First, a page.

January, 25th 2010

The Central Board of Direct Taxes (CBDT) is in a fix over the application of one safe harbour rate to all sectors. A committee, formed last month to frame safe harbour rules as announced in the 2009-10 Budget to minimise transfer pricing disputes, has estimated that there is a huge difference in the margins of companies which would come under the ambit of safe harbour.

The rules will apply to all sectors, such as information technology (IT), business process outsourcing, IT-enabled services (ITeS), auto, garments, wrist watches and liquor, that involve international transactions between two related companies. We are discussing what should be the ideal safe harbour rate. The problem is that in the IT sector alone, margins vary between 5 per cent and 75 per cent and they change every six months, a CBDT member told Business Standard.

Transfer pricing refers to cases where a company outsources work to its own subsidiary and profits are thereby transferred from one entity to the other. Taxation of captive units has become a complex area for the revenue department, with the government often disagreeing on the profits declared by a foreign company for its Indian unit.

Demands for transfer pricing rose from Rs 3,500 crore in 2007-08 to Rs 10,000 crore in 2009-10. In a safe harbour regime, transfer prices declared by a taxpayer would be accepted by revenue authorities.

Experts, however, argue that a lower rate should not be a problem, as it evens out in the long run. The industry is of the view that the rate should be based on the average margins of the industry.

In a presentation made to the committee, headed by CBDT member Prakash Chandra, consultancy firm Deloitte proposed a safe harbour margin of cost plus 12 per cent for the IT or ITeS industry.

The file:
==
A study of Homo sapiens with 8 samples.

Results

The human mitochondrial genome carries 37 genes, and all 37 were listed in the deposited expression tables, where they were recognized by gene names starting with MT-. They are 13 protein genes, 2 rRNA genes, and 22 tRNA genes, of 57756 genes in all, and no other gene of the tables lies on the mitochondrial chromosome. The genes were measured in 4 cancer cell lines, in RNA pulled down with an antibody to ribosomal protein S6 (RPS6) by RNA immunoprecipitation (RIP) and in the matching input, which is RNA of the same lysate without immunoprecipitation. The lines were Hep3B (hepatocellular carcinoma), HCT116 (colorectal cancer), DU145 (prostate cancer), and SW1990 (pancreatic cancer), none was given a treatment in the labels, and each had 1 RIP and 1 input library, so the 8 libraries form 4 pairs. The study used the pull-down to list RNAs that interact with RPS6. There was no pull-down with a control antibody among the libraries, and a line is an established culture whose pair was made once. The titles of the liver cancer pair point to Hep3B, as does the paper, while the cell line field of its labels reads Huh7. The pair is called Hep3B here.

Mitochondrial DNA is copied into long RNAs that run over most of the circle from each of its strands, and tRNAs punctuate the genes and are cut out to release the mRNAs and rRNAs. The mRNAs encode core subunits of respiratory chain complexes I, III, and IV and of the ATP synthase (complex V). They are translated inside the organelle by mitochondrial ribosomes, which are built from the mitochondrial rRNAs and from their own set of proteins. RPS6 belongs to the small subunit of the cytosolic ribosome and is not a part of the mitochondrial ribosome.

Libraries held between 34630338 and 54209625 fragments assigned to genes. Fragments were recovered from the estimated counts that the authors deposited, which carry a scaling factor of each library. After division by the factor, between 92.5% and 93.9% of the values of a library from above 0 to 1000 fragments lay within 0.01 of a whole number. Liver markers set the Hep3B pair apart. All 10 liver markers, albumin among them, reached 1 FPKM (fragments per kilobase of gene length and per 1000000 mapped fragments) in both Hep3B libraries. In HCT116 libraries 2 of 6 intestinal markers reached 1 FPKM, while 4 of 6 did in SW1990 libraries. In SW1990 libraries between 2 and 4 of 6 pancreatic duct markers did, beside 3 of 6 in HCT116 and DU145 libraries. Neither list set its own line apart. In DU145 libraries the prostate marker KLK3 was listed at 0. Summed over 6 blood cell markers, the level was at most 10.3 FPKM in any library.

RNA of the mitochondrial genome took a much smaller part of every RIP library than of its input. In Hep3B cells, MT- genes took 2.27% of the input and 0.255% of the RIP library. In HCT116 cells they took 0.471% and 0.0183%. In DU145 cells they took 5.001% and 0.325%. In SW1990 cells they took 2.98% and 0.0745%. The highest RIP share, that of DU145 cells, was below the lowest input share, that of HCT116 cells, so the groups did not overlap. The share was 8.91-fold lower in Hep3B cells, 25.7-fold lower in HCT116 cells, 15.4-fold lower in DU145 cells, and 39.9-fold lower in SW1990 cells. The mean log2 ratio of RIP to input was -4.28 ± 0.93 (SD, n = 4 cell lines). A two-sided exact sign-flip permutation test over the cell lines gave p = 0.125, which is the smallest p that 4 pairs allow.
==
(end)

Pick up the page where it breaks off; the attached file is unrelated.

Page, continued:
Margins do not fluctuate too much. Uncertainty around markups causes concerns among multinational companies, thus affecting foreign investment. All over the world, the rate is cost plus 5, 7 or 10 per cent, said Paul Riley, leader (Asia-Pacific) of global transfer pricing, Deloitte.

According to consultants, instead of a range (for example between 10 and 15 per cent) there should be one single rate for safe harbour, with the flexibility of a minor adjustment of 2.5 per cent on either side.

The government, however, wants to keep the rate higher to avoid any kind of revenue loss. It is also discussing whether the rate can be based on something else and not on margins.

A finance ministry official said the same rules and the rate would be applicable to all the sectors but the interpretation of the rules would be different to suit the needs of each sector. The government is trying to frame the rules before the next Finance Bill is introduced in 2010.

Safe harbour is a significant source of revenue in some advanced countries like the US and Australia. In India, however, it does not constitute a major part of the governments revenues, as the tax department picks up cases with international transactions worth Rs 15 crore and above in a year.